Today we’d like to introduce you to Maria Garza.
Maria, please share your story with us. How did you get to where you are today?
I remember around age five that I had trouble seeing things for a long time and never really communicated that to my family, but when I finally did and got my first pair of glasses, this whole new world with so much definition opened up to me. So much stuff existed everywhere with different shapes, textures, colors, etc. and I was instantly fascinated, I had to paint or draw what I saw whenever I could and thoroughly became obsessed with that kind of expression.
Take that obsession and layer in a weird love for biological anthropology and anatomy, and here I am, painting into skin, loving the connection with other people, and self-actualizing in some strange but amazing way.
Overall, has it been relatively smooth? If not, what were some of the struggles along the way?
There were a lot of challenges. It took me a long time to get a proper apprenticeship, and it was off and on even after that. I feel like I’ve experimented with every discipline of art and worked a lot of boring jobs to keep the fire going. I never felt like my feet were ever really on the ground.
I did freelance concept work for a long time to make ends meet. I had rougher relationships than I would like to admit and as a result became a single mother to a young son early on in my career. He’s a huge inspiration to me and the happiest person I know.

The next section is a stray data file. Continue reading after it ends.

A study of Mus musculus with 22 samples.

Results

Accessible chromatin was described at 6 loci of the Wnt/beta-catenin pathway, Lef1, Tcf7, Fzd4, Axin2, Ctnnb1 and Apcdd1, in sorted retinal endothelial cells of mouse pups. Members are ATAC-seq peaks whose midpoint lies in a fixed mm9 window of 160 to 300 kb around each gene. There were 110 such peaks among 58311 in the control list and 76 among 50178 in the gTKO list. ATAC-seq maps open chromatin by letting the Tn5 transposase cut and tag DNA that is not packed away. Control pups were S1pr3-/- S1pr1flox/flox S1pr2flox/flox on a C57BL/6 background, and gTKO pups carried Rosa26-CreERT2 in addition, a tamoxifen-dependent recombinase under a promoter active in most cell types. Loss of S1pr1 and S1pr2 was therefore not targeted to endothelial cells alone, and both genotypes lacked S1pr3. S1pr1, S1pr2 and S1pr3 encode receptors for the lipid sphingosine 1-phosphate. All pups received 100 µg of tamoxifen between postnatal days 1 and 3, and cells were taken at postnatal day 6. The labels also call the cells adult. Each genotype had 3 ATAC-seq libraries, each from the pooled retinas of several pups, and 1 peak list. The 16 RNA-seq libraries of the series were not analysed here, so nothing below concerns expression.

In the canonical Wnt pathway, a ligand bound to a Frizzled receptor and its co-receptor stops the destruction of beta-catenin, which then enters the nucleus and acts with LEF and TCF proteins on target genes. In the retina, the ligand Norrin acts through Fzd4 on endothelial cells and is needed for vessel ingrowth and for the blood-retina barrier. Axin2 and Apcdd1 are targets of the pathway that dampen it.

Please tell us more about you. What do you do, what do you specialize in? What are you most proud of?
I tattoo custom work that has been pretty eclectic, but I think I lean more toward fineline realism and my own inkwork drawings.
I’m proud of the ambition and unwillingness to stop creating. I don’t know if there’s such a thing as a healthy addiction, but this would be that for me if it was ever a thing.
I also get to scratch the itch of social curiosity by meeting new people with different experiences all the time, and learning about what led them here and where they plan to go afterward has always been one of my favorite aspects of this craft. Communication and human connection is a huge love of mine and with tattoo, there’s so much of that on every level.
What is “success” or “successful” for you?
The most humbling thing is to have someone actively want your personal work to stay with them permanently. I do a lot of weird ink drawings featuring different animals, occult figures, and mythological stuff, and getting the requests to tattoo those personal designs on people has been one of the most wholesome experiences of my life! It creates some channel of understanding between strangers and I love that. I think that kind of positive experience is really what defines success.